FEMA: Pacific Northwest Functional Exercise - Cascadia Rising 2016

Cascadia Rising 2016

The Cascadia Subduction Zone (CSZ) earthquake and tsunami is one of the most complex disaster scenarios that emergency management and public safety officials face in the Pacific Northwest.
Scientific evidence indicates that a magnitude 8.0-9.0 earthquake occurs along the 800-mile long CSZ fault on average once every 200 to 500 years. The last major earthquake and tsunami along the fault occurred over 300 years ago in 1700. Recent subduction zone earthquakes around the world underscore the catastrophic impacts we will face when the next CSZ earthquake and tsunami occurs in our region:
Recent Subduction Zone Earthquakes
  • Indonesia (2004): M9.1 --- 228,000 fatalities
  • Chile (2010): M8.8 --- 500 fatalities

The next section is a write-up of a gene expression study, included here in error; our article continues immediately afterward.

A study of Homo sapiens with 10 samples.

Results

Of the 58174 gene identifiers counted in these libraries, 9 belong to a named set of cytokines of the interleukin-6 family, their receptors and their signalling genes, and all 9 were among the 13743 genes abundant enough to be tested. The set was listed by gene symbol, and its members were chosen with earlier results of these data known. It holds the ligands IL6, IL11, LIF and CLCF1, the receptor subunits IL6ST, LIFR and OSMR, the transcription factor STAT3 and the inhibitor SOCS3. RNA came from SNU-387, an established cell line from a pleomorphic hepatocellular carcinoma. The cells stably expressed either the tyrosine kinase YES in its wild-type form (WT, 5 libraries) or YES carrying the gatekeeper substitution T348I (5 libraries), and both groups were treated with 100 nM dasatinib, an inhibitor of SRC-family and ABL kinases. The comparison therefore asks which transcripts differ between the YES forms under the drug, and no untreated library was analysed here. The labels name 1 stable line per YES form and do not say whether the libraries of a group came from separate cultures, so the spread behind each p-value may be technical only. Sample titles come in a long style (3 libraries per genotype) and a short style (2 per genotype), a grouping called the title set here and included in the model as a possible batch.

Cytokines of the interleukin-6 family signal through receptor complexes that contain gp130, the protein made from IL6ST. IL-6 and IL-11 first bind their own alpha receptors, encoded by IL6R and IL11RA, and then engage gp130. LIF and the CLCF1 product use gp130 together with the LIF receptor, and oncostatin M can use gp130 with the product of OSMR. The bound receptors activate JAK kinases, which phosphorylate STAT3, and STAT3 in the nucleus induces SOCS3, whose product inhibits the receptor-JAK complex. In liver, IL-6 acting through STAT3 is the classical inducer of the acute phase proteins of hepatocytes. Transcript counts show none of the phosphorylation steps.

• Japan (2011): M9.0 --- 18,000 fatalities
Conducting successful life-saving and life-sustaining response operations in the aftermath of a Cascadia Subduction Zone disaster will hinge on the effective coordination and integration of governments at all levels – cities, counties, state agencies, federal officials, the military, tribal nations – as well as non-government organizations and the private sector.  One of the primary goals of Cascadia Rising is to train and test this whole community approach to complex disaster operations together as a joint team.
The culminating event will be a four-day functional exercise to occur June 7-10, 2016. Emergency Operations and Coordination Centers (EOC/ECCs) at all levels of government and the private sector will activate to coordinate simulated field response operations both within their jurisdictions and also with neighboring communities, state EOCs, FEMA, and major military commands.
Above Last Updated: 03/29/2016 - 21:38
Update 04/01/2016  The hashtags we will use for the overall campaign will be #CascadiaEQ to discuss the subduction zone and preparedness, and when it comes to the exercise, we will use #CascadiaRising.